Boris Johnson: BBC cuts off Prime Minister's press briefing
One Twitter user wrote: “BBC One you’ve just cut the Prime Minister off for those elderly people who can’t just navigate to BBC News.”
Another added: “You got to love the power of the BBC One, we have to keep our BBC One schedule, cut Boris now mid-sentence.”
A third person said: “Typical BBC cut off the Downing Street Briefing when Boris gets tricky questions.”
Another added: “What the hell BBC One. Why would you stop halfway through the conference! Missed Boris bumbling his way through a question he clearly is struggling to answer.”
He also asked whether it was an argument for local lockdowns considering that while variants of concerns like the Indian variant may not have a national impact yet, it is still prevalent and spreading in localised areas in the northwest.
The deputy political editor concluded his long question by asking Chief Scientific Advisor Patrick Vallance, who was not present at the time, whether in retrospect the Government should have closed borders sooner considering there were 122 passengers flying in from India who were infected with the variant.
The question was responded with an equally long answer but viewers of BBC One were denied the full response after a voice was heard telling viewers to turn to BBC News instead as the channel then showed an advert for the FA Cup and moved on with its scheduling.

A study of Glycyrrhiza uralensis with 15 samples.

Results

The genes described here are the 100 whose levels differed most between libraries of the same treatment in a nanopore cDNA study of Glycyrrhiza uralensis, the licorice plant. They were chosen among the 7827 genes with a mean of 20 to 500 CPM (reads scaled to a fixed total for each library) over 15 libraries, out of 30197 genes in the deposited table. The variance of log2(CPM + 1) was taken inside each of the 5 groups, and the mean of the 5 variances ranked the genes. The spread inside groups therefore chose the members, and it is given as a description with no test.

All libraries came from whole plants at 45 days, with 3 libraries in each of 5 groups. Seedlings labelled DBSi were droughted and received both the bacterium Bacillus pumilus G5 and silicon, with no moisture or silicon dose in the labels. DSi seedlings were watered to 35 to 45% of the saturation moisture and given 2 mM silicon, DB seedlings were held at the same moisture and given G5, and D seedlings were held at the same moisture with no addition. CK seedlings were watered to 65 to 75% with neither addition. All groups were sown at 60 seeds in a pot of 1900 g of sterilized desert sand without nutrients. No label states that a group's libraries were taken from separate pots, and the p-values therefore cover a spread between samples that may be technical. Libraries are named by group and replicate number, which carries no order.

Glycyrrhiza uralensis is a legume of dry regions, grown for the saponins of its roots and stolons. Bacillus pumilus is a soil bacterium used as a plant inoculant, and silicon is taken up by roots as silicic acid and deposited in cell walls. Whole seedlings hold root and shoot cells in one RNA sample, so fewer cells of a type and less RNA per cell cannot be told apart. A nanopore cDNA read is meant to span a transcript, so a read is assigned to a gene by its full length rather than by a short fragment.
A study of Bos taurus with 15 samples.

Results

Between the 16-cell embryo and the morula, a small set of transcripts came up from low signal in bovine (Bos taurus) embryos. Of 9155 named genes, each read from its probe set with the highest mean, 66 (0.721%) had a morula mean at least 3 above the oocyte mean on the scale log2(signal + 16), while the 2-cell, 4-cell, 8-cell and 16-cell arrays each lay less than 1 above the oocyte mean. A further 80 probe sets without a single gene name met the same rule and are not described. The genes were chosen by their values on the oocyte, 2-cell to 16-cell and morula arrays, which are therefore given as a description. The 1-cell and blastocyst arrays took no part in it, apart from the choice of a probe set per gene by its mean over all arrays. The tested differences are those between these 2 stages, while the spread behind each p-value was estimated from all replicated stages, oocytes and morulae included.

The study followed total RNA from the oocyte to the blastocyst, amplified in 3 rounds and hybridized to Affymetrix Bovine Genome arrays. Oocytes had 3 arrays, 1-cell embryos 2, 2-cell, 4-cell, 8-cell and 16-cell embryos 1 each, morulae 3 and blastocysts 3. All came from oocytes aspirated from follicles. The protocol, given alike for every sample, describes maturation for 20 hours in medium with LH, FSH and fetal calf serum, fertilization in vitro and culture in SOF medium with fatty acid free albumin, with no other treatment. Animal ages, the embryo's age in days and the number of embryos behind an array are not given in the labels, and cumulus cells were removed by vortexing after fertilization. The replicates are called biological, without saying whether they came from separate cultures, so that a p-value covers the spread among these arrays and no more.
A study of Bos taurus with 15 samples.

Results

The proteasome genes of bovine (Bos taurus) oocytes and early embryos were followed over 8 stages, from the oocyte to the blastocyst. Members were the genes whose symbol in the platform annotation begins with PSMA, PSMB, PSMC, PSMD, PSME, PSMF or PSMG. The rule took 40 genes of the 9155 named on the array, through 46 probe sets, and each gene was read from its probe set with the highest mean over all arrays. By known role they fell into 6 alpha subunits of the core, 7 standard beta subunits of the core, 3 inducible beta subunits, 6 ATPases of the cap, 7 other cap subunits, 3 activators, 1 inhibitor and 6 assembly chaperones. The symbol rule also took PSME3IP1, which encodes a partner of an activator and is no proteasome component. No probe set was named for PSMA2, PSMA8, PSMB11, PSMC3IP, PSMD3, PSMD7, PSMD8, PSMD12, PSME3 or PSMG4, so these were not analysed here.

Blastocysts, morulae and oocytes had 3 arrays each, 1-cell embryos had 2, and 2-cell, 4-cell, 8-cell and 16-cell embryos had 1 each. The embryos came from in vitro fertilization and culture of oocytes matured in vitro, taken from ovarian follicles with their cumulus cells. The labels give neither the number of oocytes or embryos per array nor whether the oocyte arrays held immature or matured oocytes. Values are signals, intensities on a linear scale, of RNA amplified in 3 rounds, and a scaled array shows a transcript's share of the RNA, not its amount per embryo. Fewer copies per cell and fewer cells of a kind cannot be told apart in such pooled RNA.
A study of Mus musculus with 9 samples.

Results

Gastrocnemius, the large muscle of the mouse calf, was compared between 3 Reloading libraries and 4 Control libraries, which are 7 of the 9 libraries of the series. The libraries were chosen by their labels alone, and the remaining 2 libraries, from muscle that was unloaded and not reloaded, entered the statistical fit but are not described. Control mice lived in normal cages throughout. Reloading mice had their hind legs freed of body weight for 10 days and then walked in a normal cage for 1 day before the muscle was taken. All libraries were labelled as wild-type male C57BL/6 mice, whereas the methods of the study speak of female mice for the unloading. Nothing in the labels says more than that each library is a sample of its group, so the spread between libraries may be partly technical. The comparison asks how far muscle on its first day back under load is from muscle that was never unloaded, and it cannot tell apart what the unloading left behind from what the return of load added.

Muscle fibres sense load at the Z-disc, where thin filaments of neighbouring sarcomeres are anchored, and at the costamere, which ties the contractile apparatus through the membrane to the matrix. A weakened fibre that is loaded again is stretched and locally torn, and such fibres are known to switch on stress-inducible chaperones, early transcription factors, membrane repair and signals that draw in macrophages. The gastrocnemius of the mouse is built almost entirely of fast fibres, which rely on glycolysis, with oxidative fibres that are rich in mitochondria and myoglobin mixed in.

Others brought up the fact different broadcasters have delays in showing programmes meaning switching to another channel may mean they miss the section entirely.
In his response, Mr Johnson told Mr Coates the border decision was made because at the time India had not been identified as being a region that had a variant of concern.
Travel between South Africa was banned for that reason as a new variant was identified there.
It was then the BBC chose to cut off the prime minister as he was about to answer Mr Coates main question about variants of concerns not affecting assessments.
The prime minister explained the Indian variant was not causing a significant rise in hospitalizations with evidence so far suggesting vaccines are still effective against it.
He added numbers across the country remain “quite low and quite flat” so the Government would not be changing the assessment.
Mr Johnson also said it was right for the public to know about the concerns surrounding the Indian variant which he announced could change the end date of full lockdown restrictions.
Earlier in the press conference, it was revealed the Government will shorten the time between vaccinations to protect those most vulnerable against new variants.